Get answers to your Melanoma questions.
Skin cancer; Squamous cell cancer; Basal cell cancer; Actinic keratosis; Nonmelanoma skin cancer
The best way to lower your risk of skin cancer is to protect your skin from the sun and UV light. That means avoiding excess sun exposure, especially in midday when the sun is strongest.
Wear sunscreen. The use of sunscreens is complex, and everyone should understand how and when to use them. Follow instructions closely and reapply as directed after swimming or sweating. The bottom line is not that people should avoid sunscreens or sunblocks, but that they should always use them in combination with other sun-protective measures.
Many parents are now taking effective steps to protect their children, although experts worry that they are relying too much on sunscreen and less on other protective measures.
The best way to prevent skin damage in any case is to avoid excessive sun exposure. The following are some specific guidelines:
Wear protective clothing, sunglasses, and a hat to shield your face from the sun's rays. Special clothing can block out UV rays. This clothing is rated using sun protection factor (SPF) or a system called the ultraviolet protection factor (UPF) index, with 50 UPF being the highest. (According to one study, this is a very reliable indicator of protection.) The clothing is expensive, however.
When choosing a sunscreen, look at the ingredients. Preparations that help block UV radiation are sometimes classified as sunscreens or sunblocks, according to the substances they contain. In general, sunscreens contain organic formulas and sunblocks inorganic formulas. However, the term sunblock is used less and less as sunscreens increasingly contain both kinds of ingredients:
Inexpensive products with the same ingredients work as well as expensive ones. The FDA continues to work toward improved use and label guidelines for manufacturers.
The safety and efficacy of combination sunscreen and insect repellant remains unclear. While suncreen should be re-applied frequently, insect repellant applied too often could pose toxicity.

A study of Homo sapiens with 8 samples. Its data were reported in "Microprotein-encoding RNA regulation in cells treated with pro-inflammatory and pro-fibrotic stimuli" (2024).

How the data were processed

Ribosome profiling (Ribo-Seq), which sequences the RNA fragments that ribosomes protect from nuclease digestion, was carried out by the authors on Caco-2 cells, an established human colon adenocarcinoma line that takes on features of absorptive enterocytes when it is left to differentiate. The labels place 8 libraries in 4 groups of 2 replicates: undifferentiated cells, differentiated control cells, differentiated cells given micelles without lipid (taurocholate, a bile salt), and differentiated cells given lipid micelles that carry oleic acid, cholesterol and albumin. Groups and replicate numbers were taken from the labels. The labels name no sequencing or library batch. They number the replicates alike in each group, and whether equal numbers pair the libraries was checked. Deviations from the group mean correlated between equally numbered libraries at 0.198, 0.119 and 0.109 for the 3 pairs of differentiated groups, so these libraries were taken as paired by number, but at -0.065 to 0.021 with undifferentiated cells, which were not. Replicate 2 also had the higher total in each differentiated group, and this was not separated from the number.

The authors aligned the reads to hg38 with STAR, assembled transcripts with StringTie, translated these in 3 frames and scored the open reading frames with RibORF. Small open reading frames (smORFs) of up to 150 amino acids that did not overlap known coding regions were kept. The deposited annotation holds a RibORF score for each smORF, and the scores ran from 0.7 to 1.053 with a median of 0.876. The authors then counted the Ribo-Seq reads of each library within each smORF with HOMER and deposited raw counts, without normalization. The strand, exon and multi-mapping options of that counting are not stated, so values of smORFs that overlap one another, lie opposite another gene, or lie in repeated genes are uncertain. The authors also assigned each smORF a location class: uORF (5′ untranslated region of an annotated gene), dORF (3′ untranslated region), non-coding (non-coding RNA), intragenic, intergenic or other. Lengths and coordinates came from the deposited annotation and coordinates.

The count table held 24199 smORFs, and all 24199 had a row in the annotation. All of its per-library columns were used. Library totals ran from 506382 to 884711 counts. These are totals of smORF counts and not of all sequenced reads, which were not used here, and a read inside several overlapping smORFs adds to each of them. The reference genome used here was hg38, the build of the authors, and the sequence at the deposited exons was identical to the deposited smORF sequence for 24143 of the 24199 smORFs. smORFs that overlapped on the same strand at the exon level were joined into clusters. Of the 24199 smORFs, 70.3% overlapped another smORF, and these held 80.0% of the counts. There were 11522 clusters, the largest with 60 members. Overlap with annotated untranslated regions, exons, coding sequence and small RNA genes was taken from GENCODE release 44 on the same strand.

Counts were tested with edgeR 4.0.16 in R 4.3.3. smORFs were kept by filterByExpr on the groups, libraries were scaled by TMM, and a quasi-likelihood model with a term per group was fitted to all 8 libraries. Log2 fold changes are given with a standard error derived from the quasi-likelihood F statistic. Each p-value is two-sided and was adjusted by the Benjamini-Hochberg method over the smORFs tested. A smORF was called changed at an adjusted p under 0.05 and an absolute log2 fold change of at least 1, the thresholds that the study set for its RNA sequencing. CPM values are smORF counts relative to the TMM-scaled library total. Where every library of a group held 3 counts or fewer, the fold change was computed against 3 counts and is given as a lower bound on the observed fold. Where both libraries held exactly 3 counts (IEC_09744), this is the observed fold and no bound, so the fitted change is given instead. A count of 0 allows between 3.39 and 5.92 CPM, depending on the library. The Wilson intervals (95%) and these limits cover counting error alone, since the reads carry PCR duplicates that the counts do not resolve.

Organic formulas and inorganic microfine oxides do not protect against visible light, which is a problem for people who have light-sensitive skin conditions, including actinic prurigo, porphyria, and chronic actinic dermatitis.
Calculating SPF. SPF is a ratio based on the amount of UVB radiation needed to turn sunscreen- or sunblock-treated skin red compared to non-treated skin. For instance, people who sunburn in 5 minutes and who want to stay in the sun for 150 minutes might use an SPF 30 sunscreen. The formula would be: 30 (the SPF number) times 5 (minutes to burn) = 150 minutes in the sun.
Protection offered by sunscreens may be classified as follows:
Although some sunscreens claim their SPF is higher than 30, the added protection at such higher levels is insignificant.
SPF Levels by Age Group. Although sunscreens are safe in most toddlers and children, they should not be the first and only lines of defense. All young children should be well-covered with clothing, sunglasses, and hats. Children should be kept out of the sun during peak sunlight periods. Do not use sunscreens on babies younger than 6 months without consulting a doctor.
Older children and adults (even those with darker skin) benefit from using SPFs of 15 and over. Some experts recommend that most people should use SPF 30 or higher on the face and 15 or higher on the body. Adults who burn easily instead of tanning and anyone with risk factors for skin cancer should use SPF 50+.
Timing and Amount of Application. Apply sunscreen or sunblock liberally as follows:
Possible Hazards of Sunscreens, Sun Avoidance, or Both. When used generously and appropriately, sunscreen products and sun avoidance help reduce the severity of many aging skin disorders, including squamous cell cancers. There are certain concerns, however. Sunscreens do not appear to protect against melanoma and some basal cell cancers. In fact, some studies have reported a higher association with sunscreen use and these skin malignancies, though not all studies report such negative results.
The reasons for this possible increased risk are unclear, though some theories include:
Chemoprevention is the use of a substance to prevent or reduce your risk of cancer. Certain drugs have been used to help block the development of skin cancers, including melanoma. These include:
Chemopreventive drugs under investigation that show promise for skin cancer include:
Antioxidants are chemicals or drugs that help prevent cell damage from unstable molecules called free radicals. Antioxidants promoted to protect the skin include vitamins C and E, and coenzyme Q10 (CoQ10).
There are wide claims about the benefits of antioxidants for wrinkles when used in skin creams. To date, only skin products containing vitamins E and C, and selenium have been shown to help reduce sun damage to the skin. However, most available brands contain very low concentrations of these antioxidants. In addition, the antioxidants are not well absorbed by the skin, so the effect may be short-term. Plus there is no evidence that they prevent skin cancer.
Warning: A wide range of herbal products may contribute to skin problems. Some Chinese herbal creams have been found to contain corticosteroids. Mercury or arsenic contaminants have been found in some Ayurvedic therapies. In addition, several oral herbal remedies used for medical or emotional conditions may produce irritation in reaction to sunlight (photosensitivity). They include, but are not limited to, St. John's wort, kava, and yohimbe.